Ukraine war: peace only after total capitulation?
The Russian president is showing no signs of relenting in the war against Ukraine. After a telephone conversation with Putin, French President Macron said that the worst was yet to come. Kyiv evoked "nuclear terror" in the wake of the shelling of the site of the Zaporizhzhia nuclear power plant and urgently called for more weapons. European commentators ask whether peace is at all possible.
This war will drag on
Lidové noviny does not harbour any illusions:
“Major wars are won through technical and material superiority. That superiority is on the Russian side. The question is what such a victory would look like. ... Probably not the occupation of all of Ukraine and its annexation by Russia. But it is clear that Putin will insist on the country's submission to his power, and that Kyiv will never do so. This war will drag on. Nevertheless, a look at the map of the movement of the fronts and at the Russian advances on the Black Sea makes one quite pessimistic. We should not count on the Ukrainian refugees now coming to us going home any time soon.”
Next on the list
La Vanguardia considers it possible that Nato will have to step in to defend its members with military force:
“The worst will be the massacre announced by Putin himself if the Ukrainian government doesn't capitulate unconditionally. ... The worst will be to know what Putin will do if he succeeds in occupying Ukraine and setting up a puppet government. ... Countries like Georgia, Moldova and the Baltic republics fear they are next on the list. The worst will be that if this were the case, Nato would be obliged to react to defend its members [Estonia, Latvia, Lithuania]. ... The outlook is truly bleak.”
Impose a no-fly zone now!
In view of the Russian attack on the Zaporizhzhia nuclear power plant, Gordonua.com calls for a no-fly zone over Ukraine:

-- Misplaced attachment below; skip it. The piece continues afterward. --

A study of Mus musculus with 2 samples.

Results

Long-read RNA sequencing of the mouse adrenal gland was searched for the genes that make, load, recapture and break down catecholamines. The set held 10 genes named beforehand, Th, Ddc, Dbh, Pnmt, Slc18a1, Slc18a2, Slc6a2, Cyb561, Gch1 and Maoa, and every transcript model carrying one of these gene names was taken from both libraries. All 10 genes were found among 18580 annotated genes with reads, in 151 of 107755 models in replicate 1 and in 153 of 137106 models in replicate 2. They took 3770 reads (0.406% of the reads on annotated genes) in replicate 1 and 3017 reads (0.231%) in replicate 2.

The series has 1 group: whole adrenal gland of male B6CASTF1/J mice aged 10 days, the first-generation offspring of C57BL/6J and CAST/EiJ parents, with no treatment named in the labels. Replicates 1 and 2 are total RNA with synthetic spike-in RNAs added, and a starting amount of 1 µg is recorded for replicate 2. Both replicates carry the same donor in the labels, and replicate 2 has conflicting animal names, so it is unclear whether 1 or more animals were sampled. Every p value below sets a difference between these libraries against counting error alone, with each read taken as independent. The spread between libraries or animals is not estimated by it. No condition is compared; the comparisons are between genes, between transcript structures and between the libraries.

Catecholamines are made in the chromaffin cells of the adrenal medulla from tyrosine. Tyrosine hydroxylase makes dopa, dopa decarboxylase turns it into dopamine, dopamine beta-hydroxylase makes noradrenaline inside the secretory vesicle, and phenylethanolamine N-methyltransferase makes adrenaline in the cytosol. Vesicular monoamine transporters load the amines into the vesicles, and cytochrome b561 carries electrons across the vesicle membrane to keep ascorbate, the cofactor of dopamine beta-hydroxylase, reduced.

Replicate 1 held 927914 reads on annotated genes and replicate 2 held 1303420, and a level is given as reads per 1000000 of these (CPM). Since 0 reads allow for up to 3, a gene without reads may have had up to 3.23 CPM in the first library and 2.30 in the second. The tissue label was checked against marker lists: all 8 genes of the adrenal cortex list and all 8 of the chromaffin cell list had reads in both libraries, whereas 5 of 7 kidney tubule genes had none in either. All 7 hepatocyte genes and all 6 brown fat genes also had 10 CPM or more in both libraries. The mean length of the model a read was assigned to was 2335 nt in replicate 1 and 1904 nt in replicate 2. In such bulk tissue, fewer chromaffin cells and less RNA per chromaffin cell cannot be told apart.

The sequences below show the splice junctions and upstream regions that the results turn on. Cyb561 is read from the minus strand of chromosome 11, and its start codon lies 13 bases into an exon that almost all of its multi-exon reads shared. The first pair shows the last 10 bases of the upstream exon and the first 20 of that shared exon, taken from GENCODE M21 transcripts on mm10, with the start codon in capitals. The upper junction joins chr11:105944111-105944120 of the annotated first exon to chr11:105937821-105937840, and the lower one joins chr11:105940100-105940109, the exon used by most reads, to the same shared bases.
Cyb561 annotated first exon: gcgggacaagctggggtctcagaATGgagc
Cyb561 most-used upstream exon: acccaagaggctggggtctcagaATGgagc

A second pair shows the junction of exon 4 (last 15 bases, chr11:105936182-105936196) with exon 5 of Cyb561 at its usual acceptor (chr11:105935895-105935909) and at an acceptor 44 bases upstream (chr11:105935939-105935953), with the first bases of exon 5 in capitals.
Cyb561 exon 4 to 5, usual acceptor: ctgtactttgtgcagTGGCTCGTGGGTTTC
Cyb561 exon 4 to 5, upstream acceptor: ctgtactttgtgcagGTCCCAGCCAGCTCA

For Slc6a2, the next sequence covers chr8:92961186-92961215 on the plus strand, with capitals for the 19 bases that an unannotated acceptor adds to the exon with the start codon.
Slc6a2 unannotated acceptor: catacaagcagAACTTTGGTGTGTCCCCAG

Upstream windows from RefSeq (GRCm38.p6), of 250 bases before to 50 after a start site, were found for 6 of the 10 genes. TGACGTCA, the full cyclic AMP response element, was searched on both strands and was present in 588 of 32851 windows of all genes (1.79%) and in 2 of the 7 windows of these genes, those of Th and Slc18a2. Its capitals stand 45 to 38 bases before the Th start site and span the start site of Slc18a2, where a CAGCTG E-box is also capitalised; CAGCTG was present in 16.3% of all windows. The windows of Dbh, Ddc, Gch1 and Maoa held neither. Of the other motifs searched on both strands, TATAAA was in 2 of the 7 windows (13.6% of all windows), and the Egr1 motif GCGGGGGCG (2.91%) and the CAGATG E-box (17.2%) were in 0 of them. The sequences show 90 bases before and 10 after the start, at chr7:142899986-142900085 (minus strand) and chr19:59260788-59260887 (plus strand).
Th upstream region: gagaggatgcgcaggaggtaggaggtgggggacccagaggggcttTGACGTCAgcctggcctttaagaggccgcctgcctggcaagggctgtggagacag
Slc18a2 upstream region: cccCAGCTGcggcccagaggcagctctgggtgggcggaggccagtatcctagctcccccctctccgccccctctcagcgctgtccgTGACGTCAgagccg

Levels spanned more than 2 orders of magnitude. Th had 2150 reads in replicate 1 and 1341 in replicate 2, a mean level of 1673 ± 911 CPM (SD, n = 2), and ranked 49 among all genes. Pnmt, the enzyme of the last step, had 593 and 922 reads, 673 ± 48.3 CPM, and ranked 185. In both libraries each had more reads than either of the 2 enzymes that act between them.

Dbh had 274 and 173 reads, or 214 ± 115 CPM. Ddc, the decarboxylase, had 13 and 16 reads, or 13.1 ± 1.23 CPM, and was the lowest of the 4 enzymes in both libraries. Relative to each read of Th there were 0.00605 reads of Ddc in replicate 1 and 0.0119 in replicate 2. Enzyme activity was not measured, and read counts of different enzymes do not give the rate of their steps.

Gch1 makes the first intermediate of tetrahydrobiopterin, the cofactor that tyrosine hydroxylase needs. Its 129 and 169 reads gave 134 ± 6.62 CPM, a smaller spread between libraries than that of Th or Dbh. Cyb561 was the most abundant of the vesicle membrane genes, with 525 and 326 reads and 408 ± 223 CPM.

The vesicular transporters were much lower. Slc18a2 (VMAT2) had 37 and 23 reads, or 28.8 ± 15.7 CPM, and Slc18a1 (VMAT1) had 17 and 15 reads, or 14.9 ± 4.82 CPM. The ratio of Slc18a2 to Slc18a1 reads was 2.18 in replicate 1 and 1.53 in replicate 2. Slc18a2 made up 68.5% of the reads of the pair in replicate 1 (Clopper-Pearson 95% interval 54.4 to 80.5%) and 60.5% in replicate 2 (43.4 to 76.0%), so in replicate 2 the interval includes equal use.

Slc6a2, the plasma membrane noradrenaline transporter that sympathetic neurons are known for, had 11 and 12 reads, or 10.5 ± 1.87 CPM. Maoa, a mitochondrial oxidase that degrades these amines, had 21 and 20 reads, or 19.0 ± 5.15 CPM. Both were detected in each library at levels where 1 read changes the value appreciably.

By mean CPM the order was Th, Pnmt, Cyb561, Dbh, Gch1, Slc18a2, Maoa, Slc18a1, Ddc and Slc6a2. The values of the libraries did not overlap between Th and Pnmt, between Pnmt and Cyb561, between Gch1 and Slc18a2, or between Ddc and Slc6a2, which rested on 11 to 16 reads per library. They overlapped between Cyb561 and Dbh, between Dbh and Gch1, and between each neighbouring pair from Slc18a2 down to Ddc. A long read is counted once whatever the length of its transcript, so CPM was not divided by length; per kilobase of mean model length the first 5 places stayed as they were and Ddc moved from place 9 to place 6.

“In general, nuclear power plants may be targeted by occupiers for the following reasons: to disperse radioactive material, to disrupt the power supply, to use them as leverage in 'peace talks', and if the occupiers destroy the nuclear plant during their withdrawal, this can cause significant damage and additional chaos. ... Consequently, a swift and strong response from the EU and the world is needed to stop the war started by Russia and to ensure that the military activities around the nuclear power plants do not lead to a new disaster on our planet.”
Avoid a humanitarian catastrophe
The only topic up for negotiation is humanitarian issues, commentator Anton Orech writes in Echo of Moscow:
“One subject for negotiation where something can be achieved in real terms is exchanges of those who have been killed, wounded or taken prisoner. So far our defence ministry has said nothing about prisoners, but it cannot be that after a week of fighting no one is in enemy hands. Nor are we blind - there are more than enough videos on the Internet. In addition, both sides are now talking about a humanitarian disaster in the besieged cities. This urgently needs to be resolved! So the only point of holding negotiations is humanitarian aspects. How the two sides could agree on other things, I cannot imagine.”
Do not humiliate Putin
Now of all times the international community must keep a cool head, Avvenire warns:
“The Kremlin leader has miscalculated. He has been weakened by the resistance of the Ukrainians, the reaction of the West, the solidarity of billions of people and the mechanisms of global communication. It would be a mistake to allow ourselves to be drawn into the vortex of an escalation now, because a total victory (as in the Second World War) against a nuclear power is not possible. As John M. Keynes pointed out after the First World War, the humiliation of an opponent who has not been completely defeated has disastrous effects, and paved the way for the emergence of Nazi fascism. Any increase in the spiral of aggression on the West's part will mean walking a very fine and dangerous line.”
Trapped dictators are dangerous
Putin has lost his way, columnist Bert Wagendorp writes in De Volkskrant:
“Body bags containing the corpses of young Russian men are now being transported back to their motherland - that's no way to make friends. Perhaps Vladimir Vladimirovich is indeed fighting a battle that has already been lost. But will he ever realise that? How many more people must die? Must Kyiv first be turned into a huge Grozny? When will the Russian economy be ruined enough? Putin set a trap but fell into it himself, and now there's no going back. That's dangerous: dictators who sense impending defeat have a tendency to lash out in all directions.”